Graham Cashion’s enthusiasm for harnessing the power of water for electricity was the driving force behind construction of a micro-hydro system in Branxholm Tasmania. The 7.5 kW generator converts 120psi of water pressure into 120kWhr of energy each day, supplying all the electricity needs for Tin Dragon Trail Cottages, eco-tourism retreat. Here I describe the system and its construction over three years: 2010 to 2013.
Graham’s Dream of Building a Micro-hydro System
Graham worked for the Hydro Electric Commission for five years, before National Service call-up in 1972. In 1968 the 18 year old Graham was snapped emerging out of the inspection bay of turbine No 3 at the Tarraleah Power Station (Tasmania)—the same year he received the top apprentice-of-the-year award. Over decades he continued dreaming about putting his experience into practice by building a micro-hydro system. In 2010, after establishing an eco-tourism retreat in North East Tasmania, he made his dream a reality.
The Construction Team Effort
Graham boasts that it took himself, a seventy year-old and a young boy, “ to achieve what the local Council couldn’t achieve—pipe clean creek water to Branxholm.” Standing near the micro hyrdo tail race are Ron (L), James (our son) and Graham. Ron says, “We done a bloody good job, too!”.
The dig up the final hill to the weir in 2010. Over the 3km route from the property to the creek, Graham was careful to avoid felling any large trees.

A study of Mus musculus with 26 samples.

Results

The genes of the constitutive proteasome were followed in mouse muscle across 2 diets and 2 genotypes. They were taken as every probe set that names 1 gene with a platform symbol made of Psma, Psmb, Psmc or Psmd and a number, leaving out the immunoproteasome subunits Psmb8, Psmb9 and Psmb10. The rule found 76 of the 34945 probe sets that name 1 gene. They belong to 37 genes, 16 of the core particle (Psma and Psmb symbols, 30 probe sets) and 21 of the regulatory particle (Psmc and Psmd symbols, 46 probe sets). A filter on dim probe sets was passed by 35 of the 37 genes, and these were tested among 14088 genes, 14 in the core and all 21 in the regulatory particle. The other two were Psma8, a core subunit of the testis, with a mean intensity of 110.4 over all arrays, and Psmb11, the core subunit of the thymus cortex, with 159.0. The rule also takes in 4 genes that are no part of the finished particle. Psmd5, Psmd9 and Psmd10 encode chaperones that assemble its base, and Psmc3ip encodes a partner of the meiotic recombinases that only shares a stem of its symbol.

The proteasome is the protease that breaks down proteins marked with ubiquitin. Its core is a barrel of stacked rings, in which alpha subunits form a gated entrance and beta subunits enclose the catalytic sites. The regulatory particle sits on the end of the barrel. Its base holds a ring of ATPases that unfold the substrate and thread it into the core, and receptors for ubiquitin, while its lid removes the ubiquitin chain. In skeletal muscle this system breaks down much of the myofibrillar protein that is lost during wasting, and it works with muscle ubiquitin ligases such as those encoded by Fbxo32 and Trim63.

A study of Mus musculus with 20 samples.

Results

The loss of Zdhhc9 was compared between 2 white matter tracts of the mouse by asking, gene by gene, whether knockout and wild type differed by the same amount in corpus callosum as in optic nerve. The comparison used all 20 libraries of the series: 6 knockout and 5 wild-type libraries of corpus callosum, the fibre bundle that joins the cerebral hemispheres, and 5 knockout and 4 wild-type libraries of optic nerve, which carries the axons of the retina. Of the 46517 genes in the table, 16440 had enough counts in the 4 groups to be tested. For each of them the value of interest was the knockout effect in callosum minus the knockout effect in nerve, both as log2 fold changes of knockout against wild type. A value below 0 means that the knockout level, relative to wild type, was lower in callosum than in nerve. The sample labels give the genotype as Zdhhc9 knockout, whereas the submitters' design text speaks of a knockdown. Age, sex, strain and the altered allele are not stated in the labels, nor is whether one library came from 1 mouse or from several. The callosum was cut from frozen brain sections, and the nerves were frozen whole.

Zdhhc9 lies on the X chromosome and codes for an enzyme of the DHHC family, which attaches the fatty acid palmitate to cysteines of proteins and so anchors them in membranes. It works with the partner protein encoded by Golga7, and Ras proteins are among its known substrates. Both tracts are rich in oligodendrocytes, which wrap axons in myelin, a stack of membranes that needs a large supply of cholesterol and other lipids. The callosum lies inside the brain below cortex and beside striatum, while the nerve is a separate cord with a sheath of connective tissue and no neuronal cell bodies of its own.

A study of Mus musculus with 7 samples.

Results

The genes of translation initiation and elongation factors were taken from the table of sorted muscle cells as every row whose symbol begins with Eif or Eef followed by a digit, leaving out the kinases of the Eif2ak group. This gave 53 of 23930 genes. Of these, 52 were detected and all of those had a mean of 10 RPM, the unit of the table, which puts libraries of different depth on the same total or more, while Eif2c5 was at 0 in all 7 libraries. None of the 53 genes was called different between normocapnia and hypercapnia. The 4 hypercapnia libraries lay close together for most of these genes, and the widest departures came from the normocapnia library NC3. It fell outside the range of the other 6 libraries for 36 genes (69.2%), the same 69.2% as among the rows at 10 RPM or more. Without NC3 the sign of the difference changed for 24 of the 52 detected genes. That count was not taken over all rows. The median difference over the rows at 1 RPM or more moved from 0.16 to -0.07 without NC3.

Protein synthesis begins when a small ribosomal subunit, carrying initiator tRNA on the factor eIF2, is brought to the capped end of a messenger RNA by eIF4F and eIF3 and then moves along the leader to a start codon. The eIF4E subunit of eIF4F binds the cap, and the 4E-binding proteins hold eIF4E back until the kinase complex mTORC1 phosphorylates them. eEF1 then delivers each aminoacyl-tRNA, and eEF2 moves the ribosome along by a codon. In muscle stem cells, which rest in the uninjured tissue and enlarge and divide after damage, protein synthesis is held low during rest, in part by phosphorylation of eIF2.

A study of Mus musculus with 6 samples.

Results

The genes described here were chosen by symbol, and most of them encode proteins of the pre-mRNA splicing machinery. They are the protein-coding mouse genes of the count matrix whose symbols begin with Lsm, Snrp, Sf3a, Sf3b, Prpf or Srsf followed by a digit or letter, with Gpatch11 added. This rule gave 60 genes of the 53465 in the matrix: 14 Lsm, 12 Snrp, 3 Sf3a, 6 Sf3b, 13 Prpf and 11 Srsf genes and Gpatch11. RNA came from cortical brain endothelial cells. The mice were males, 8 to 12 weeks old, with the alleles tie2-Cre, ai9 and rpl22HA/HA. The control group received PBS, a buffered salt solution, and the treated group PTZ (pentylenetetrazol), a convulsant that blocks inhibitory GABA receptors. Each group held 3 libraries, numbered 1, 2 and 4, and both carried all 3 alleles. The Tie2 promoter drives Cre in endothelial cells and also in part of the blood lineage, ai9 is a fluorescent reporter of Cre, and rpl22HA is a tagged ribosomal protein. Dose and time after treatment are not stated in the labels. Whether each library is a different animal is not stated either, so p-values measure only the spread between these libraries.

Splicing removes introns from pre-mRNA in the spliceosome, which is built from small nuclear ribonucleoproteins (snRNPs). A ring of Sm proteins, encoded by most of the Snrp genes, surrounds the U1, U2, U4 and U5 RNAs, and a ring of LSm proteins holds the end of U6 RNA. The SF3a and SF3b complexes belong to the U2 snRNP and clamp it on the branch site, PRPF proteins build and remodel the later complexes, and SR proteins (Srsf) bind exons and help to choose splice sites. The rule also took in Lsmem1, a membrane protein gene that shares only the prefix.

The deeply-buried 150mm galvanised steel pipe, air-bleed and inspection point are no longer visible. A rock cairn covers them. Graham is standing on the concrete spillway below the V-notch weir he constructed in 2010.
Graham completed the generator shed in 2013. Water feeds via the pipeline into the generator then dumps onto a concreted tail-race into the farm dam and into the nearby Ringarooma River. Visitors can see the generator, exciter and inverter through a large glass panel on the side of the shed. Graham loves talking to visitors about the micro-hydro and will gladly take them for an inspection of the pipeline and weir.
Micro-hydro Need Ongoing Maintenance
After connecting to the grid in 2013 we were excited to flick the switch and celebrated receipt of Renewable-Energy Credits and first power bill showing a credit! However, a micro-hydro is not without costs and problems. Here, James is helping Graham clean out the generator jets after a heavy rain event sent stones down the pipeline.
Air bubbles can trap in the pipeline. Graham routinely checks the air-bleeds along the line. Notice that the valve is hidden. Graham suspects past damage to the pipeline and weir have been the work of local Branxholm vandals.
At the V-notch weir, nearly 100m above the generator, water flows into 3km of buried pipe. Graham routinely monitors the flow. When water stops flowing over the weir Graham shuts off the micro-hydro intake to maintain environmental flow in the creek.
On the day we were photographing for this blog, Graham surprised a man with his dog fossicking for gem stones near our weir. In the past some fossickers have damaged our weir. One person with a metal detector dug up part of the pipeline! While they were chatting the fossicker’s dog made herself at home in the driver’s seat of our 4WD.